As a long-time reader and reviewer, I’ve encountered lots of books receiving buzz and declarations that this book must be read. Well, The Last Thing to Burn lives up to all the hype, and it really must be read. I have a shelf where I put stand-alone books that have impacted my soul, and Will Dean’s The Last Thing to Burn will be going on that shelf, joining the likes of Sena Jeter Naslund’s The Four Spirits, Harper Lee’s To Kill a Mockingbird, Ralph Ellison’s Invisible Man, Lori Lansen’s The Girls, Allen Eskens’ Nothing More Dangerous, Gabriel Zevin’s Elsewhere, Paul Fleischman’s Whirligig, and Alan Brennert’s Molokai. There are more, but what all these books have in common with The Last Thing to Burn is that I saw a truth more clearly than I had before reading them. Some might call them teachable books, but there is nothing didactic about them or about Will Dean’s book. Books like these become a part of who you are from that moment you read them and on. So, I owe Will Dean a debt of gratitude for his story that makes me a more enlightened person, a better person.
Thanh Dao and her sister leave their parents’ home in Viet Nam for better opportunities in the UK, but the men who had promised a bright new future there lied and stole their lives instead. Thanh has been in her new country for nine years, the last seven married to a man named Lenn and living on an isolated farm in the Fens. Lenn calls his wife Jane and requires she adapt to her new country’s way of life, down to the very food she eats. Jane has no freedom and cannot leave the isolated farm in the English Fenlands that she shares with Lenn. There are cameras everywhere watching her every move, and her captor husband reviews them every night so he can see what she has done while he’s been tending to the farm work. She has the prescribed daily tasks of scrubbing the house clean, cooking the meals, and doing the laundry. There are other demands which are worse than the daily drudgery though.
The story opens with Jane trying to escape while Lenn is off to town, but with her physical impairments, which Lenn has inflicted, it’s excruciatingly slow and laborious. Lenn returns before she can even clear his property. Lenn’s punishment for Jane is not physical but emotional. Each time she disobeys or rebels, she is required to pick one item from the seventeen personal items she brought with her to the farm. Jane is now down to four items, and this escape attempt costs her the precious possession of her parents’ photograph. She is completely disheartened until a woman named Cynth stops by while Lenn is gone. Cynth is looking to rent a pasture for her horse. While Jane must be careful with the cameras ever recording, she does manage to tell the stranger to come back and talk to her husband about it. Jane holds some hope in the possibility of another meeting, as does the reader.
However, before Jane can plan any more escape attempts, which are physically almost impossible for her, a miracle happens, something she never expected. She becomes pregnant with Lenn’s child, which ties her to the hated cottage for at least a while longer but gives her a new lease on her determination to have a life outside of her prison. Her baby deserves better. So, Jane endures being called her husband’s dead mother’s name, cooking his eggs just the way his mother did, never shutting a door for privacy, taking the horse pills Lenn doles out to her for her physical pain and keeping her doped, and daily scrubbing the cottage clean. She must survive for her baby.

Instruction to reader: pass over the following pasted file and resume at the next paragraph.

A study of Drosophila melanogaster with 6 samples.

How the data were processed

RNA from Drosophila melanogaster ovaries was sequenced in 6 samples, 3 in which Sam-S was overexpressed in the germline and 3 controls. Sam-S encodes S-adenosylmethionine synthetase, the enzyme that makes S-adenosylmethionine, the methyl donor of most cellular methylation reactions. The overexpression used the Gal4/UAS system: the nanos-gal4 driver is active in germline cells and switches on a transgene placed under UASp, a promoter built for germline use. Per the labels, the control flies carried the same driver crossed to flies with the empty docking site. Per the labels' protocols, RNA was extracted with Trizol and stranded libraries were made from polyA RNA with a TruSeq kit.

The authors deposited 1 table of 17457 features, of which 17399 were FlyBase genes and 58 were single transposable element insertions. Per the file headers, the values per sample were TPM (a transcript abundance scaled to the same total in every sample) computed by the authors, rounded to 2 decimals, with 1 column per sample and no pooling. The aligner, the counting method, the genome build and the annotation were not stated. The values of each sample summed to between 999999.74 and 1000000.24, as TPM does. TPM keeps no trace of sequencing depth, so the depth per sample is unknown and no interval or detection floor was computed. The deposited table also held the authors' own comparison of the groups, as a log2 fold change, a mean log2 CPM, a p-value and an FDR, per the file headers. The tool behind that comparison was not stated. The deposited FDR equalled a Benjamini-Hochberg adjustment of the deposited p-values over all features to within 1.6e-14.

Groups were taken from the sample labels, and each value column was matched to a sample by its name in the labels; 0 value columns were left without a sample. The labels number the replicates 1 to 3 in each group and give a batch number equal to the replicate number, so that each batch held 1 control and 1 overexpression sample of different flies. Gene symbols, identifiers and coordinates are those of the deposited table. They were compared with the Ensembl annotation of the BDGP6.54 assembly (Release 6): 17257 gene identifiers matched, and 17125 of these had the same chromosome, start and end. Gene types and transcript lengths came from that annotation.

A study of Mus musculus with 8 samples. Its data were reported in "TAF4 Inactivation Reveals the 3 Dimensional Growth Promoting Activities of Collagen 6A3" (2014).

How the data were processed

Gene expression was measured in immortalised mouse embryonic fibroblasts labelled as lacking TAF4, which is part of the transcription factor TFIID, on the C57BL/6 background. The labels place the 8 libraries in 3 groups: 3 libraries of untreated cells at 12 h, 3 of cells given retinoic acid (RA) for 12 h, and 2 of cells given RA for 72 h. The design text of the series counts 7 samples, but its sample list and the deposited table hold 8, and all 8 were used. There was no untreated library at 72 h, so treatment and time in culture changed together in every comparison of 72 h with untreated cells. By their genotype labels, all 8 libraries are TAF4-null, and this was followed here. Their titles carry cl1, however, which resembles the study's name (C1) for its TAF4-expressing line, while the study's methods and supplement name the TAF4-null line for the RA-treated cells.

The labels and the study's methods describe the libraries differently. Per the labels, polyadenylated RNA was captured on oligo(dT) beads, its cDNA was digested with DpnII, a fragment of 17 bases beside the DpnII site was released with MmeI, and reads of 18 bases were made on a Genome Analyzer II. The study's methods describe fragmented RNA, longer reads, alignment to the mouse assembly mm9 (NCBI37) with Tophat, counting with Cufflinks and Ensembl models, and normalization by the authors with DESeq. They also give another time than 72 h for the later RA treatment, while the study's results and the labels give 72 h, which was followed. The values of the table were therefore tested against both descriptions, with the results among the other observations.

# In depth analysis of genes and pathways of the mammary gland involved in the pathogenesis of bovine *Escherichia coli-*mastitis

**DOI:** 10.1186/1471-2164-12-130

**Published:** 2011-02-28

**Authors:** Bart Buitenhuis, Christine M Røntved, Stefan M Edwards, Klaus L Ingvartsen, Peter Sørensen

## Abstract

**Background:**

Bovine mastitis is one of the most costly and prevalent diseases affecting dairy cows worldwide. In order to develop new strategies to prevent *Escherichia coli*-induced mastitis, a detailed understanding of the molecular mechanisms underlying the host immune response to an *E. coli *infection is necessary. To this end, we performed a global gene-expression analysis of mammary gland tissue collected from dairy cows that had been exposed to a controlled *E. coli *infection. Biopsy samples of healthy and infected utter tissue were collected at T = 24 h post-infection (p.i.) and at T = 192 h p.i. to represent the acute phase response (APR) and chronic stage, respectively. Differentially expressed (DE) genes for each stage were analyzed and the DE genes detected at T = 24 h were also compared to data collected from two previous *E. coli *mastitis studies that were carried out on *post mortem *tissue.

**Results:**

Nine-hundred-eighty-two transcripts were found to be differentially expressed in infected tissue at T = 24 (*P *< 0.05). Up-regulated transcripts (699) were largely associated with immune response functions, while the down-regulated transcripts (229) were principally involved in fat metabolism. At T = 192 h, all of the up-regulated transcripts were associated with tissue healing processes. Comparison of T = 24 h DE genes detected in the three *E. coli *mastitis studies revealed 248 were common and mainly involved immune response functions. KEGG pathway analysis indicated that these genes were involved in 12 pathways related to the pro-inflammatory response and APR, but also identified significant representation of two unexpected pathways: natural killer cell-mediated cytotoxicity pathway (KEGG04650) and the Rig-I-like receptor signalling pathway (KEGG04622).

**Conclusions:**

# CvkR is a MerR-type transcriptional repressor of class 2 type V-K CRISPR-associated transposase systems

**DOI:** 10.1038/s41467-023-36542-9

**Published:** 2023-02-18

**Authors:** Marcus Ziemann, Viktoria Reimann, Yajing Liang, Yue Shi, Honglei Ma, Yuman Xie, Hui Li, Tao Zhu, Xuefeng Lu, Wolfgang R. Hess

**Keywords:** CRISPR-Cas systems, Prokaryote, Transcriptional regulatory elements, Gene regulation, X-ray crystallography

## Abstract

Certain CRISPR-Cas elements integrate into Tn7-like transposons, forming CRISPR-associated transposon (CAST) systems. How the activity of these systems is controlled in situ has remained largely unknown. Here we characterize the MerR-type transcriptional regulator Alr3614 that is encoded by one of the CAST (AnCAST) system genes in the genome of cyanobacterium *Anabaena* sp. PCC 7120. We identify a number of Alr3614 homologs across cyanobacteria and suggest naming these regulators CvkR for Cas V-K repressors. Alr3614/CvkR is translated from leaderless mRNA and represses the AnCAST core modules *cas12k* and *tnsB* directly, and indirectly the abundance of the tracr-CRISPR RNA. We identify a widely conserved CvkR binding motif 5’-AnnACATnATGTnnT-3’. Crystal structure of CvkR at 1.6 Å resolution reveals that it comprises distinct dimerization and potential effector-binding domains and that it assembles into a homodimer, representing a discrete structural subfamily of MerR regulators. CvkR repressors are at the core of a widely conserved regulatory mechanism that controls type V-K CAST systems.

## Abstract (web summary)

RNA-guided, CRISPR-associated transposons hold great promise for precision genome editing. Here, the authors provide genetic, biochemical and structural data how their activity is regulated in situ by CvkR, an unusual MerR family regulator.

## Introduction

When the baby does arrive, it’s a girl whom Lenn calls Mary, but Jane/Thanh calls Huong when she whispers in her child’s ear. There’s nothing easy about taking care of a baby in primitive conditions, and yet, Jane perseveres, as she works toward building up both their strengths to fight for their freedom. Then, a major complication arrives. Another woman is abducted by Lenn and kept in the cellar, and it’s someone Jane knows. Listening to the suffering from this woman come up through the floorboards will just about undo Jane, and the silences are even worse. Can Jane ignore the needs of another human being to save her baby? There are hard choices ahead and no easy answers. If escape is the goal, what kind of escape can that be?
The Last Thing to Burn is a dark read, no doubt about that, but it is also a story that keeps the protagonist and the reader looking for an end to that darkness, believing that its end is possible. Whether it is possible or not, the book shakes the reader’s core. Will Dean takes readers through the terror of being a captive, both physical and mental, by using Thanh Dao/Jane as narrator of her pain and dehumanization. The Last Thing to Burn is billed as a thriller, and that, too, is certainly an accurate description. I was on the proverbial edge of my seat throughout the book, waiting for Lenn’s control to turn deadly. The suspense level never lets up, always the fear by Jane, and by the reader for Jane, that she will make a misstep leading to her end and/or the end of little Huong, whom Lenn has vowed to kill if Jane tries to escape again.
The book at just 238 pages makes every one of those pages count. Every scene moves the story forward in a well-paced swell to the climax, and the twists will cause readers to gasp. The characters are superbly honed for their parts in this human tragedy of a tale. The devastation of human trafficking is front and center but is the personal story of Thanh Dao through which that issue unfolds and from which the reader discovers the horrors of it. The Last Thing to Burn is a tribute to those who live nightmares and yet strive to survive for a better life, a life with dignity, away from cruelty and abuse. Monsters exist, but so does endurance in the face of evil, and sometimes you have to be your own hero. Well done, Will Dean.